December 1986

Relation of Clinical Symptoms to Apomorphine-Stimulated Growth Hormone Release in Mood-Incongruent Psychotic Patients

Author Affiliations

From the Department of Psychiatry (Drs Zemlan, Hirschowitz, and Garver) and the Division of Geriatrics, Office of the Dean (Dr Zemlan), University of Cincinnati College of Medicine. Dr Hirschowitz is now at the State University of New York, Stony Brook.

Arch Gen Psychiatry. 1986;43(12):1162-1167. doi:10.1001/archpsyc.1986.01800120048010
Abstract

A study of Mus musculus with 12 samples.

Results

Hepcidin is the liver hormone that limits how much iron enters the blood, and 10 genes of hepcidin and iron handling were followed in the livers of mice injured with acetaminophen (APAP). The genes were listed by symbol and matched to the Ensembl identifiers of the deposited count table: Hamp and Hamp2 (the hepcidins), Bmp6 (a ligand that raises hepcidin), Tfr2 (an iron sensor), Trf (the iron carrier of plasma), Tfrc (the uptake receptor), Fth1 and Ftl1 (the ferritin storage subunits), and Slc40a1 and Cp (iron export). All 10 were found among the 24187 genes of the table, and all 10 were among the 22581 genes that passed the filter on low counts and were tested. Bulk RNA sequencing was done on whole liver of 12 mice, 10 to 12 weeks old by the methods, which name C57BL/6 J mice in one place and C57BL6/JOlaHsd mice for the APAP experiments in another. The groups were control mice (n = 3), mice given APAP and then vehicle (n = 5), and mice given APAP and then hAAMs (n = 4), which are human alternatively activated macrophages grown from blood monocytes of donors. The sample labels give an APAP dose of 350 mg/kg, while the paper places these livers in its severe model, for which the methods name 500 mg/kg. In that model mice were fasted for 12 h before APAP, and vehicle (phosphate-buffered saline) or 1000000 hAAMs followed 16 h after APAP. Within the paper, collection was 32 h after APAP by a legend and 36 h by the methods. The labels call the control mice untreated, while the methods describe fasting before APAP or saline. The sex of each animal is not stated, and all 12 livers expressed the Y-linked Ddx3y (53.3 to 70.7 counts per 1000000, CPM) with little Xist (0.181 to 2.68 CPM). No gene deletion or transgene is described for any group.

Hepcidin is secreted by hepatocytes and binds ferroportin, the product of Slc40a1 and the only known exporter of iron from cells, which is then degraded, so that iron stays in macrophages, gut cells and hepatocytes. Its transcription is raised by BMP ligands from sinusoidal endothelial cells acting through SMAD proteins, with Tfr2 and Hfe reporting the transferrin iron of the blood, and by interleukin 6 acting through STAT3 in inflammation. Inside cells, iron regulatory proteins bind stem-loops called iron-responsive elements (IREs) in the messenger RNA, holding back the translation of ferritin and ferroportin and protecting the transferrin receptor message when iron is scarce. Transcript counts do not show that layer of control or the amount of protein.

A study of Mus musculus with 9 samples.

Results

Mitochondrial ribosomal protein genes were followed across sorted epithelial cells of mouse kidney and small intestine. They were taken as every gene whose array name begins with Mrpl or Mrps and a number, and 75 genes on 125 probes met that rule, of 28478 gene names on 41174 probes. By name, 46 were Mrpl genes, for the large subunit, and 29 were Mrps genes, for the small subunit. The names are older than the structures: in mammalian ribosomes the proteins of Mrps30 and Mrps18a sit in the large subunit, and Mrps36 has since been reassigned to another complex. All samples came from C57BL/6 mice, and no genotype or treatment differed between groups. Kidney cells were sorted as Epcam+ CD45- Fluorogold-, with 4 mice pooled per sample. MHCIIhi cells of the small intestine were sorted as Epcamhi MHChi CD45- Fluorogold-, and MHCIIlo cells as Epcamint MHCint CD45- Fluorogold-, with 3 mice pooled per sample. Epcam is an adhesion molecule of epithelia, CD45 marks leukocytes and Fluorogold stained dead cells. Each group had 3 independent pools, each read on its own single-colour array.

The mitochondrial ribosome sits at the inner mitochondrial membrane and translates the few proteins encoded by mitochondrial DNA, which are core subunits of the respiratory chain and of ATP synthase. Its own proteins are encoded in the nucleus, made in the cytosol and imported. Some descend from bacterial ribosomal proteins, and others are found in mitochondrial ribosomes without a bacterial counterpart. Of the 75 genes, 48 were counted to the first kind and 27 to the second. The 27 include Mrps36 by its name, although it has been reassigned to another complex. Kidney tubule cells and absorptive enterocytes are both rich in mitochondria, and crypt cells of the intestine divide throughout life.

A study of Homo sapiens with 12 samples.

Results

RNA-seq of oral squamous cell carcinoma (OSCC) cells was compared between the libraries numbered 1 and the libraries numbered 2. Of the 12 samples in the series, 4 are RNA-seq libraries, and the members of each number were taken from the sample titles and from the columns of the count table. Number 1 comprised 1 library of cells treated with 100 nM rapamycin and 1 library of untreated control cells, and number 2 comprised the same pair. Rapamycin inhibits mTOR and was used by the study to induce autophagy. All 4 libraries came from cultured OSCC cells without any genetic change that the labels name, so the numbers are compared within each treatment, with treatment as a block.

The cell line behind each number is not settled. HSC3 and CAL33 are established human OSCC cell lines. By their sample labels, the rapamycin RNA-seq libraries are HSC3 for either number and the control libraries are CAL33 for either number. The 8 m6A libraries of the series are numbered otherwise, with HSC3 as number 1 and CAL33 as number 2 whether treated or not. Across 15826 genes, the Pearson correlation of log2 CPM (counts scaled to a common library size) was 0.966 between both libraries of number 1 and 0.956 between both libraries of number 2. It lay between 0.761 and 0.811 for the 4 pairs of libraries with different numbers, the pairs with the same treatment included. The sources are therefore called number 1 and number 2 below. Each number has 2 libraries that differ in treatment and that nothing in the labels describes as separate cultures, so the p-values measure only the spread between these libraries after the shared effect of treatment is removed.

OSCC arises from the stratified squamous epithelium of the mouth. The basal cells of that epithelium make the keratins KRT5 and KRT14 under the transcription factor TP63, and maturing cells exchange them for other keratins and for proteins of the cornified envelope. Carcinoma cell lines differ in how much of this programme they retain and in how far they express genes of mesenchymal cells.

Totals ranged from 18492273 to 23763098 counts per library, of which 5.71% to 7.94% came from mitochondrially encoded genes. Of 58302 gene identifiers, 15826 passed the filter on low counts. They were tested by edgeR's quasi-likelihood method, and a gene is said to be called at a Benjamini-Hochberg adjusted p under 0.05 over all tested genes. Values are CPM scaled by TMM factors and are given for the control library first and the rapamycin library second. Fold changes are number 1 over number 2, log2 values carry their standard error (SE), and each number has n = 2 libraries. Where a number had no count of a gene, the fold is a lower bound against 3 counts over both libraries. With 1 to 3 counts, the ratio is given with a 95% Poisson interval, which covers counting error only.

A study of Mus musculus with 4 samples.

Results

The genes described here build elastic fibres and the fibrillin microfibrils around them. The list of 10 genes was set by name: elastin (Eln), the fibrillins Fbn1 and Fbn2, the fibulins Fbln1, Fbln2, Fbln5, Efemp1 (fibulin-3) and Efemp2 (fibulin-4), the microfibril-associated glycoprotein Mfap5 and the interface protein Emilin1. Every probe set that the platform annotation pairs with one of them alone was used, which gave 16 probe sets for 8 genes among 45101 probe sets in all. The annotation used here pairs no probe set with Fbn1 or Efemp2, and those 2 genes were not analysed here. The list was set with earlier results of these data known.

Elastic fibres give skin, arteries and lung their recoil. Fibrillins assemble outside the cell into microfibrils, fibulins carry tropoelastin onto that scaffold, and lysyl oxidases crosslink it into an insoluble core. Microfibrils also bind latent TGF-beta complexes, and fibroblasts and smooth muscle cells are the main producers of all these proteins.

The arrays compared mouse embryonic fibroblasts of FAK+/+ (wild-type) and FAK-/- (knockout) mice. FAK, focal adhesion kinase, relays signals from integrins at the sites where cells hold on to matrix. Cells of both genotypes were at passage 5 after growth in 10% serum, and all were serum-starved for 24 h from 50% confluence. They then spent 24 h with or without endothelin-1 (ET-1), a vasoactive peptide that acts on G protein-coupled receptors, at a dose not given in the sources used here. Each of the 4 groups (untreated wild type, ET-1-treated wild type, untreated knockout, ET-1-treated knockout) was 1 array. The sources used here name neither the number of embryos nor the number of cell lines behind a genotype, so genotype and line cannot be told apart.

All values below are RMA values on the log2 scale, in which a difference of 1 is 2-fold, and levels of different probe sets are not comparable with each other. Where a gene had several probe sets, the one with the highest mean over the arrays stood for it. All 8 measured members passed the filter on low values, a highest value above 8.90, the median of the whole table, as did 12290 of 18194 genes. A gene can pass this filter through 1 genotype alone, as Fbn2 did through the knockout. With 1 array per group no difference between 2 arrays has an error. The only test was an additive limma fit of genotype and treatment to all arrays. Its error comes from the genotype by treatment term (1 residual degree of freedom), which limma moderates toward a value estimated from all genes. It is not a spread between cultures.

• The relationship between dopamine receptor agonist (apomorphine hydrochloride)—stimulated growth hormone (GH) release and psychotic symptoms was examined in 138 schizophrenic or schizoaffective inpatients (Research Diagnostic Criteria) and ten healthy normal volunteers. Patients were divided into three groups: those demonstrating an abnormally large GH response, an average GH response (mean GH response), or an abnormally low GH response. Abnormally large GH responses were associated with higher total psychosis scores. The increased psychosis scores observed in this group were due primarily to an increased incidence of thought disorder. Further analysis revealed a strong, positive correlation between thought disorder and the GH response. The apomorphine-stimulated GH response was also significantly related to duration of illness, an effect independent of age. Consistent with this last result, patients with a diagnosis of a DSM-III schizophreniform disorder demonstrated an elevated GH response.